Mexico City Weekend Guide: Best Bars and Restaurants
When you mention a visit to Mexico City, you’ll hear one of two things: that it’s one of the largest cities in the world, or that it’s dangerous. The former is true: The Distrito Federal, or DF, has 21 million people. But stop in for a visit and it seems largely removed from the violence that’s happening in the rest of the country. In fact, the city is becoming a model for other fast-growing Latin American cities.
Restaurants are a huge part of the revival, though in some ways Mexico City’s open-air markets remain at the heart of its culinary soul. Ask people for their favorites and keep small bills handy. Just remember, lunch is the big meal of the day here and starts at 2 p.m. Dinner is more like the Spanish tradition: lighter fare when you’re really just getting ready for a night in the bars. Don’t miss out on trying different tequilas and mescals. They drink it here like beer.
As you explore the city, utilize the Metro, which is helping reduce DF’s notorious air pollution and introducing a way around the area’s biggest problem: traffic. You’ll discover a magnificent, architecturally fascinating food paradise that emerges slowly as you cross through interlinked neighborhoods.
Some are as chic as Knightsbridge, while others like Brentwood have more color. Polanco is bustling with brand-new shopping malls, office parks, housing developments, and the most exotic happening in the city: Carlos Slim’s aluminum-tiled, mushroom-shaped Museo Soumaya. It’s as good inside as it is outside. Same for the Museo Jumex.
Don’t be afraid. ¡Bienvenidos!
Contramar: A Mexican brasserie focused on fish. Families, businesspeople, and tourists clamor for the freshest uni shipped daily from Ensenada and topped with salsa. Bustles night and day.
Pujol: Chef Enrique Olvera is to Mexican cuisine what José Andrés is to Spanish cooking. You’ll never think of Mexican food as just tacos ever again. His new Cosme in NYC is even better.
Dulce Patria: Insane glamour from Martha Ortiz. Red floors, themed meals. I had a Día de los Muertos black bean soup. Fun.
Maximo Bistrot: Think of your favorite local French bistro, take it up a notch, then make it Mexican-infused. Try the local wines.
La Nueva Opera: Mexican Revolutionary General Pancho Villa blew a bullet hole in the ceiling in 1910. Probably the most famous bar in Mexico, and one of the few solid ones downtown.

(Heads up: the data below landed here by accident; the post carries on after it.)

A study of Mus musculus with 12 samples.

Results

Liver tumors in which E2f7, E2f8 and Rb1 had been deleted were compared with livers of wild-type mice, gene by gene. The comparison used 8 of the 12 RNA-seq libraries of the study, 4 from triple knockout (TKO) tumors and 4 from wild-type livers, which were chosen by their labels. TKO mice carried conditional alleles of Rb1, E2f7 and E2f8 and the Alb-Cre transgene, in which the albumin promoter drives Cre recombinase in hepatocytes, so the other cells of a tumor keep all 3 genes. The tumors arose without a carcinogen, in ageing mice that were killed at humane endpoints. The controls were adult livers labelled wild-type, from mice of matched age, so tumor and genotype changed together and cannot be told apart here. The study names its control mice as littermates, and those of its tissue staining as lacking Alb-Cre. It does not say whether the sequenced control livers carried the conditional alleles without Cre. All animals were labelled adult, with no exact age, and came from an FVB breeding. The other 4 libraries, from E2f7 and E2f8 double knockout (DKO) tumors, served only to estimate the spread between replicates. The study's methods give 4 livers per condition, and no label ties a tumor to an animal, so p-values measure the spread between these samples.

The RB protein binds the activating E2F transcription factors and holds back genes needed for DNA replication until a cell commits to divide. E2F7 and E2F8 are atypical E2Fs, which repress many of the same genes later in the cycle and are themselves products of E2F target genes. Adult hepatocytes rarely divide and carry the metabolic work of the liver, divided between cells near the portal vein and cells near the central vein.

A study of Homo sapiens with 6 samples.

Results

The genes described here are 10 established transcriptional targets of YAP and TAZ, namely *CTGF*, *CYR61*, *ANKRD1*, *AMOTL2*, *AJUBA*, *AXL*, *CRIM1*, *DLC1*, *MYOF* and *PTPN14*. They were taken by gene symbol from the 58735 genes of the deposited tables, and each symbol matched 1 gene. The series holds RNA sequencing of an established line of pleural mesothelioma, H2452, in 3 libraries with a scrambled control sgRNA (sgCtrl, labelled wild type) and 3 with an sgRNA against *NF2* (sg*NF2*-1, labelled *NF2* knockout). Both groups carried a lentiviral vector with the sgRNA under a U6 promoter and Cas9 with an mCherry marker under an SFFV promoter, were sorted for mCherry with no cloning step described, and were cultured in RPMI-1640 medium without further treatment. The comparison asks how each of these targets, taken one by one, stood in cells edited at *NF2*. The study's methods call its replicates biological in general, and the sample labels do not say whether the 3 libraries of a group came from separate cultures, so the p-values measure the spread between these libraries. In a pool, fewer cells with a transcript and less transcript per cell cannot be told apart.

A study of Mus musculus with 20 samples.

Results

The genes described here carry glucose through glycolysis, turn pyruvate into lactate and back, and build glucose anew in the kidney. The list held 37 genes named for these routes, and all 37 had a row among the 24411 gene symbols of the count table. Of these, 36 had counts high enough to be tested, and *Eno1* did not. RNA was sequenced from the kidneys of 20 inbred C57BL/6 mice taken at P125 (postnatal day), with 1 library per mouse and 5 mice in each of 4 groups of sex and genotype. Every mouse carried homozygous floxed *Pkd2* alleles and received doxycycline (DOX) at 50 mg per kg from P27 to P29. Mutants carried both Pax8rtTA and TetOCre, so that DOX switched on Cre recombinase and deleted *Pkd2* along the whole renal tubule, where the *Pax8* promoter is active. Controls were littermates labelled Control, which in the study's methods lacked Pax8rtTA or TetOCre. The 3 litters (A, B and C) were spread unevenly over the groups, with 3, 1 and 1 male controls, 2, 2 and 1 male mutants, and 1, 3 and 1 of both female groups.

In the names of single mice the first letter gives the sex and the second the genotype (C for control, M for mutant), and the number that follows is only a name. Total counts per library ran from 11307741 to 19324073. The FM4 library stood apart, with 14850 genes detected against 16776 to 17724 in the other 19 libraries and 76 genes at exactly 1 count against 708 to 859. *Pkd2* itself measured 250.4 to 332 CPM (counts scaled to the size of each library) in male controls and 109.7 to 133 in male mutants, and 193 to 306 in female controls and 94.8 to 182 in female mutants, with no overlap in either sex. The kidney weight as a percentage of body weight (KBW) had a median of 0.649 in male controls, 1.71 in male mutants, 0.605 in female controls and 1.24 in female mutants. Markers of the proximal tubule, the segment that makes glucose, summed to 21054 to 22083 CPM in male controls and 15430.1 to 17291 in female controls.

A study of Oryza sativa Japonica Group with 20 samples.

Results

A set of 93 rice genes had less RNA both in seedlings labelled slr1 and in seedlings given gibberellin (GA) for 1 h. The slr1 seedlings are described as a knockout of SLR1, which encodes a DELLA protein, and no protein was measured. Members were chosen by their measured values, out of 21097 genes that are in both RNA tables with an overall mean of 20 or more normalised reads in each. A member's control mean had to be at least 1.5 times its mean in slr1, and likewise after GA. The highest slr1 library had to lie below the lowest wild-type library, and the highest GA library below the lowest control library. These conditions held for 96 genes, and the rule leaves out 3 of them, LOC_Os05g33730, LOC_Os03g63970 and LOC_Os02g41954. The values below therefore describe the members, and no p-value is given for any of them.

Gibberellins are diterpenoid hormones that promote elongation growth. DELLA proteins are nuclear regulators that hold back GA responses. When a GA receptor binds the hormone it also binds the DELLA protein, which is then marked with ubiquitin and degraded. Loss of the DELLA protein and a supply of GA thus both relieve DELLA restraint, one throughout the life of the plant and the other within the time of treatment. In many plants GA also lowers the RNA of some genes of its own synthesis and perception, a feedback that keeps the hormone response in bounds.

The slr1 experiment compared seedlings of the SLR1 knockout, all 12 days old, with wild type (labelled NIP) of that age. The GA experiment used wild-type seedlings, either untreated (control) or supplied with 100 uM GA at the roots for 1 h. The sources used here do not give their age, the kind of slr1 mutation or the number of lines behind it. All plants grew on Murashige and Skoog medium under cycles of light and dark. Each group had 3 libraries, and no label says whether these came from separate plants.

La Terraza at CondesaDF: An art deco hotel in the heart of the trendy Condesa area. You can imagine Diego Rivera walking in.
Biergarten: South of the Column of Independence, it’s on top of the Mercado Roma, with an open terrace and a sliding roof.
Cosmo: In the heart of chic Polanco, this feels like a sophisticated European bar with a Mexican twist. Everyone looks like a million pesos, and many guests have bodyguards.
Airport: It’s a bit chaotic to get in and out of both terminals. Getting there can be even more challenging: Locals will advise you not to take the Metro into town unless you’re bag-free and not to take the taxis. Solution? Car-service apps, which work well here.
Safety: It’s hard to feel unsafe in a city where there’s a policeman with a loaded machine gun at every corner and in every store. Once you get used to that, keep your eyes and wits about you just like anywhere else.
Traffic: At certain hours (9 to 11 a.m. and 2 to 7 p.m.) nothing moves. EcoBici is the local bike-share program. The bicycles are primitive, but they work. The Metro is similar to New York City outside Manhattan. It works but leaves you farther away than you think. Just prepare to walk. With taxis, I stuck to the “No VW Beetle” rule. And don’t hail them from the street, only designated stands.
Seeing the sites: The Palacio de Bellas Artes has Diego Rivera’s original murals (including the one he intended for Rockefeller Center). Walk the vast Plaza de la Constitución dominated by the Metropolitan Cathedral, the largest in the Americas, as well as the archaeological dig just northwest of it, where they’re uncovering what the Aztecs believed was the true center of the universe.
This article originally appeared in the January 2015 edition of Reserve, a Bloomberg Brief publication. Click here for the full issue and to request a subscription invitation.